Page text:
Graduation Year


Document Type




Degree Name

Doctor of Philosophy (Ph.D.)

Degree Granting Department

Biology (Cell Biology, Microbiology, Molecular Biology)

Major Professor

Douglas W. Cress, Ph.D.

Committee Member

John Cleveland, Ph.D.

Committee Member

Eric Haura, M.D.

Committee Member

Jamie Teer, Ph.D.

Committee Member

David Carbone, Ph.D.


GABA, type II pneumocyte, NKX2-1, PD-L1, polyamines, STK11, putrescine, neuroendocrine


This dissertation covers a variety of the genetic and molecular abnormalities of lung adenocarcinoma with an emphasis on STK11 loss and its implications on immunotherapy response. Given that lung cancer is the leading cancer killer, novel therapies are in great demand. In particular, immunotherapy has shown some of the most promise in the last decade but remains limited due to nearly 80% of patients not significantly responding. This dissertation aims to molecularly characterize lung adenocarcinoma while attempting to explain the reason why patients with STK11 loss do not respond to immunotherapy.

In the first chapter we discuss the relationship between ancestry and mutational frequency in lung adenocarcinoma. We performed next generation sequencing on over 100 tumors from Hispanic patients. From whole blood, we calculated ancestry using a panel of single nucleotide polymorphisms. Our analysis revealed that Indigenous American ancestry is highly associated with an increased rate of EGFR mutations despite smoking status. Further studies will be needed to determine whether this change in frequency can be attributed to the environment or if polymorphisms associated with this ancestry can predispose patients to the acquisition of lung cancers driven by EGFR.

Chapter 2 is focused on the classification and characterization of patients with mutations in STK11. First, we developed a novel signature for the prediction of STK11 loss of function in lung adenocarcinoma patients. We further describe the inverse relationship of the polyamine pathway with gene expression markers of immune response suggesting that polyamines may be the result of immune suppression in patients with STK11 loss of function. Finally, using LC-MS we show that patients with loss of function in STK11 upregulate putrescine and GABA amongst other metabolites. This reveals that not only do patients upregulate genes regulating polyamine metabolism (ODC1) but that the metabolites downstream of its control are upregulated. These data also suggest a non-canonical utilization of putrescine for the synthesis of GABA.

Chapter 3 highlights the limitations of studying STK11 loss in vitro through its impact on cell lineage identity. We reveal that cell line, mouse models, and patient derived xenografts of STK11 loss unanimously lose their marker of cell lineage (NKX2-1). In addition to this loss in cell lineage, a small subset of patient tumors that lose NKX2-1 also lose hallmarks of immune modulation through inflammatory signaling and polyamine metabolism. These patient tumors that lack NKX2-1 have similar genetic changes as ex vivo models of STK11 loss suggesting that we are not accurately studying STK11 loss as it occurs in a majority of patients.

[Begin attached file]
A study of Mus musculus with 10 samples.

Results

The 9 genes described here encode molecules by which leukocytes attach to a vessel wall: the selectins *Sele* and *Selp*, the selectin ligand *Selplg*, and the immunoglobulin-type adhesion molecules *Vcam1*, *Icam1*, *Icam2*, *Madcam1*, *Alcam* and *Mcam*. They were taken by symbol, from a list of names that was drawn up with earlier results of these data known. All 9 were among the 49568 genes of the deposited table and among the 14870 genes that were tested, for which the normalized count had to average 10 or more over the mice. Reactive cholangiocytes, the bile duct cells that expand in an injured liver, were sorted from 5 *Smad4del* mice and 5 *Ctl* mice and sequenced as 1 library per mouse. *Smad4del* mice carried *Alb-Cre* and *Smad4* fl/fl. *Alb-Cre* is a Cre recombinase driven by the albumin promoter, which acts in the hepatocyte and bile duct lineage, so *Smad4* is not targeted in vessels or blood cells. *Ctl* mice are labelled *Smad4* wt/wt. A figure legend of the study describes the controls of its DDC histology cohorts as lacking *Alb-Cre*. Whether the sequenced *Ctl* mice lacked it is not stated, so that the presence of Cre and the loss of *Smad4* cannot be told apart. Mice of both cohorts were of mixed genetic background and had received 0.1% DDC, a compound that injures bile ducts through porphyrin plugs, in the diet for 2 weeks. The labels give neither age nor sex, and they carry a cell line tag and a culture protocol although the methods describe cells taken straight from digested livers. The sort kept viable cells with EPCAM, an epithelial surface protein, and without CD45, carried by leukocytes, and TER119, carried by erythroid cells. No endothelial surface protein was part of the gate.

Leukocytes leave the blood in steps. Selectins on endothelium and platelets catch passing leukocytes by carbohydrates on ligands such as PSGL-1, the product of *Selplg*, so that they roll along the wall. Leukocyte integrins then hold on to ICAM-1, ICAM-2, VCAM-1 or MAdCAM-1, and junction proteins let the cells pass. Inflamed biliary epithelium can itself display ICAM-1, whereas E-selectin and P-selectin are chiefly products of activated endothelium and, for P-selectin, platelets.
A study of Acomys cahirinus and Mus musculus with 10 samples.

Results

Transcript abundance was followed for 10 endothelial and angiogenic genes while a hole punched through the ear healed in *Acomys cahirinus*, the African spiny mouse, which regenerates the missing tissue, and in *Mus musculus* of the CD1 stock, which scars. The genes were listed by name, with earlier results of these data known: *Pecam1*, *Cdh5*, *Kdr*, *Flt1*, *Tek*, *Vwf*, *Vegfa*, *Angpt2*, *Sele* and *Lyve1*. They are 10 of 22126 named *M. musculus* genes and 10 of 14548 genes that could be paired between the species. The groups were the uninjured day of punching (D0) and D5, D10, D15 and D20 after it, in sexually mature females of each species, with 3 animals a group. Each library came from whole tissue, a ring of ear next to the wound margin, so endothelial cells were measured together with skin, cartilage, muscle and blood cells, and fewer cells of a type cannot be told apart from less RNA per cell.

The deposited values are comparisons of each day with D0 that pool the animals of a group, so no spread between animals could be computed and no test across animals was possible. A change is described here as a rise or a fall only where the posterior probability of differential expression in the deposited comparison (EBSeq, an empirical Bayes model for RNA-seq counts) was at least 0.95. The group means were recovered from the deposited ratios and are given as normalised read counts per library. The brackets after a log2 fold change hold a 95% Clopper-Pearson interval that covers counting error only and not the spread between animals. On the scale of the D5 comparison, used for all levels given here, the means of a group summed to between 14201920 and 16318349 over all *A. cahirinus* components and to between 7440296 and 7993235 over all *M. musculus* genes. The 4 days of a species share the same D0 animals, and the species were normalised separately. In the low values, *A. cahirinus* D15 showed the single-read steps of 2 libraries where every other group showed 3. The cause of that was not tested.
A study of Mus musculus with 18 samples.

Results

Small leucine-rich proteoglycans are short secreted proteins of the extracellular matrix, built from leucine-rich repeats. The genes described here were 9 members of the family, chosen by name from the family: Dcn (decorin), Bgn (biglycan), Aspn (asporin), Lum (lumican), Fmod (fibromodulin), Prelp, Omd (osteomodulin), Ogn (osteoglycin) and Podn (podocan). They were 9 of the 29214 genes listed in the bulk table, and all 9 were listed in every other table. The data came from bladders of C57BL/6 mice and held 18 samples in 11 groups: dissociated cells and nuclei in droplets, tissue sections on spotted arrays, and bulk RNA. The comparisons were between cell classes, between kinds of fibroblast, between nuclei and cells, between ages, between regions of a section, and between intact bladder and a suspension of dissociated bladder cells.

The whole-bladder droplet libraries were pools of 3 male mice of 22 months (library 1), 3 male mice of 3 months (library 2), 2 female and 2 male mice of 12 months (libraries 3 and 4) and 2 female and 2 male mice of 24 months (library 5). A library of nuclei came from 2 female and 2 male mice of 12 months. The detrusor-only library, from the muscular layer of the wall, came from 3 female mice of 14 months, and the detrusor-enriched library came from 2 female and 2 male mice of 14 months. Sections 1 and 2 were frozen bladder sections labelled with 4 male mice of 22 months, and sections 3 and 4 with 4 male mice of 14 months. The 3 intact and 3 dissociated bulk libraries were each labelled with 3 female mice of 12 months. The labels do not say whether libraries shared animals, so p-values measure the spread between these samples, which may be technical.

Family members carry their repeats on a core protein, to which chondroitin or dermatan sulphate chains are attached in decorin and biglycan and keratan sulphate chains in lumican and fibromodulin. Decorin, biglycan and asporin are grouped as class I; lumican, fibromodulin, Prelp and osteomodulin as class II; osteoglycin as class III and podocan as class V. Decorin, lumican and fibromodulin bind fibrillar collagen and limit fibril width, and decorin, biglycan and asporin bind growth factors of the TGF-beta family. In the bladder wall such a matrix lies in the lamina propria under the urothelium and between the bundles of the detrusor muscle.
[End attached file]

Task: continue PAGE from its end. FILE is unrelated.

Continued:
Chapter 4 is a description of in vitro experiments performed using cell lines with a small report of in vivo biomarkers of STK11 loss. We restore STK11 expression in 3 cell lines lacking STK11 function: A549, NCIH1437, and NCIH1944. We confirm that the addition of STK11 to these cell lines did not alter ODC1 expression or other patient specific biomarkers of STK11 loss. We further attempted to recapture the patient tumor phenotype of STK11 loss through the modification of metabolic stress. Other experiments focused on sensitivities or resistance as a result of STK11 loss. We conclude by displaying that KIT can be used as a biomarker for STK11 loss in vivo.

Chapter 5 is a molecular characterization of lung adenocarcinoma. We performed untargeted LC-MS on 123 patients from our MLOS cohort for proteins and metabolites. We analyzed the relationship between networks of protein, metabolite, and gene expression. We then molecularly characterized this cohort by mutations in STK11, EGFR, KRAS, TP53, and KEAP in addition to by two immune signatures for inflammatory and interferon gamma response. Finally, using the overall survival data in this cohort we identified novel metabolite, protein, and gene expression networks that can be used in patient prognosis.